Andrea Atzeni hoping Ulysses can be hero in Investec Derby
2 Jun 2016
Jockey feared he would be watching the Epsom showpiece as a spectator but has plum ride
Stoute, left, celebrates winning a fifth Derby with the Prince Khalid Abdullah-owned Workforce in 2010. Picture couresy of Racingfotos.com
Andrea Atzeni believes Ulysses has the perfect temperament for the Investec Derby at Epsom on Saturday and says he “would not swap him for anything”.
The Sir Michael Stoute-trained colt has been well backed in the ante-post market and is among 16 final entries for the showpiece, which is always one of the sporting highlights of the summer and is the seventh race in the QIPCO British Champions Series.
Beacon Rock and Bravery were the only horses to be withdrawn at the overnight stage. Record prize money of £1,545,000 is on offer.
Ulysses has raced exclusively in maidens and got off the mark at the third attempt on his latest start when an effortless eight-length winner under Ryan Moore at Newbury.
The last horse to win a Derby after a maiden success was Shaamit in 1996 but Stoute, 70, knows a thing or two about what is required – he is seeking a sixth success in the race – and Ulysses could not be better bred for the job being a son of Galileo, the 2001 Derby winner, out of Light Shift, who won the 2007 Oaks.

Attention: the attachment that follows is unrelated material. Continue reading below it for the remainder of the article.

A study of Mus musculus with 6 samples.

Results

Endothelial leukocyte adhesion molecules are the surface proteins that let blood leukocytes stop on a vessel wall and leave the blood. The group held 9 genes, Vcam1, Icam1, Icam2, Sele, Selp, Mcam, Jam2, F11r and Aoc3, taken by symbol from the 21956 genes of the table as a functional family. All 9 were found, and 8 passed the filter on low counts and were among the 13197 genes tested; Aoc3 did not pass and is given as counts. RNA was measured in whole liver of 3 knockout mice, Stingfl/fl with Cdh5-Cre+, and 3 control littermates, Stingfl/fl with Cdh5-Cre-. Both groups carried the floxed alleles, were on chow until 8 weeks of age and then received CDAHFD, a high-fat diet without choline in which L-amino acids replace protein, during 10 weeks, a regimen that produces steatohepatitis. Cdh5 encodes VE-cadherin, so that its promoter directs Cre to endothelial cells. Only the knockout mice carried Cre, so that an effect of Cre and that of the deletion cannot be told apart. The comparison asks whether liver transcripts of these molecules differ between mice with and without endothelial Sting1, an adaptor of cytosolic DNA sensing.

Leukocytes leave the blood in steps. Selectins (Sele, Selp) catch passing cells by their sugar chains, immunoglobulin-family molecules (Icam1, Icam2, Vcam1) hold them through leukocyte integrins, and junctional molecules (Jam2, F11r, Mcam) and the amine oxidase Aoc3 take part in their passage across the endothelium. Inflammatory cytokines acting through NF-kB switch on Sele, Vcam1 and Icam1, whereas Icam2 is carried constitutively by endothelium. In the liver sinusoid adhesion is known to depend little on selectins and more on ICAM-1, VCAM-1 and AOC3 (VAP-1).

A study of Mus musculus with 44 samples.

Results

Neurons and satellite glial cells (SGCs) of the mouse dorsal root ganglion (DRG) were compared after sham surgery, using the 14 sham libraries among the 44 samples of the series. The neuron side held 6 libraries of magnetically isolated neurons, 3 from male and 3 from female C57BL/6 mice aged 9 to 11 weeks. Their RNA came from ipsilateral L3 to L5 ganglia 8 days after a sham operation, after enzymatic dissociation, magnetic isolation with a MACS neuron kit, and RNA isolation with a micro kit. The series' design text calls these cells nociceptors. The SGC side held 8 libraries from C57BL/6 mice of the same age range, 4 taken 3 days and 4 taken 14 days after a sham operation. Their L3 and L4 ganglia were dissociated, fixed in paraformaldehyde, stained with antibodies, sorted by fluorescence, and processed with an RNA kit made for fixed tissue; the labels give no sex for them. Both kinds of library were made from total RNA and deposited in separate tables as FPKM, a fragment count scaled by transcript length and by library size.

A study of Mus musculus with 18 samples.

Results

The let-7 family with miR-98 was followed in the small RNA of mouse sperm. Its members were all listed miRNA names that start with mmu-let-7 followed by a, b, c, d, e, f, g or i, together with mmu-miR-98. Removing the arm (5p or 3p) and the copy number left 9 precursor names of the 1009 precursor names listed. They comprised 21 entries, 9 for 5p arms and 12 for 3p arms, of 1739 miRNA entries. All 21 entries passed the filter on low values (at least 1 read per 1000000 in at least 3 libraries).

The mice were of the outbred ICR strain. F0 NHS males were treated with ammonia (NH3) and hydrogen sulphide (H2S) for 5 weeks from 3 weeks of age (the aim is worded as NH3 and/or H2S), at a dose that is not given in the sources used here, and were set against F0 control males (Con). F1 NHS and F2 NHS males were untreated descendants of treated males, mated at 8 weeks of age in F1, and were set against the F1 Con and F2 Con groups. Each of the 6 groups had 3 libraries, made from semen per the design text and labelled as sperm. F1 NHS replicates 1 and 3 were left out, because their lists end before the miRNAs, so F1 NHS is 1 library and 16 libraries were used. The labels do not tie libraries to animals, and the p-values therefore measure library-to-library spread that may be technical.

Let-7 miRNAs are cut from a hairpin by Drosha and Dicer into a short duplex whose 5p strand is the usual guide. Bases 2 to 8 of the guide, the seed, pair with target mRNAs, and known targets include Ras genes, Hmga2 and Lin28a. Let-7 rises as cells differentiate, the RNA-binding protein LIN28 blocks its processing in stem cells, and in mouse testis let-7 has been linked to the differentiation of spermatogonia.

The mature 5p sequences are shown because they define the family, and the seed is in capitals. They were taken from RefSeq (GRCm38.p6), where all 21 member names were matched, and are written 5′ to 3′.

Atzeni feared he would be a spectator this year but with Moore on duty for Aidan O’Brien he will instead be in the thick of the action.
“I didn’t think I was going to get a ride in the race until about ten days ago, when Sir Michael phoned me up and asked if I wanted to ride Ulysses,” Atzeni said. “I was delighted to accept.
“Everyone likes Ulysses in the yard and they’ve always thought a lot of him, even as a two-year-old. I know it’s a big step up from a maiden to a Derby, but it’s been done before and he’s trained by Sir Michael, who knows how to win the race.
“He’s a beautifully bred horse and the couple of times I’ve sat on him he’s given me a very good feel. He’s got a good mind, is a good mover and will definitely stay; I would not swap him for anything.”
Expanding on Ulysses’s temperament, the Italian added: “A lot of horses jig-jog or pull, especially when they know they are going to the gallops. But he walks there calmly, sets off and travels nicely behind. That will stand him in good stead on Saturday.
“The two bits of work I’ve done on him have been on the all-weather and nothing crazy – you don’t want to be leaving the race on the gallops – but I let him stretch him legs and he quickened away from the lead horse. He moved good and is ready to go.”
Asked about potential dangers, he said: “It’s an open Derby, not like in previous years when you had odds-on shots such as Camelot and Australia. Everyone is going there thinking they have a chance. I’ll just worry about my horse and getting him a nice run round.”
The official going at Epsom early this morning remained soft, good to soft in places. It has been dry at the course since mid-afternoon yesterday and it is forecast to stay that way in the next 48 hours.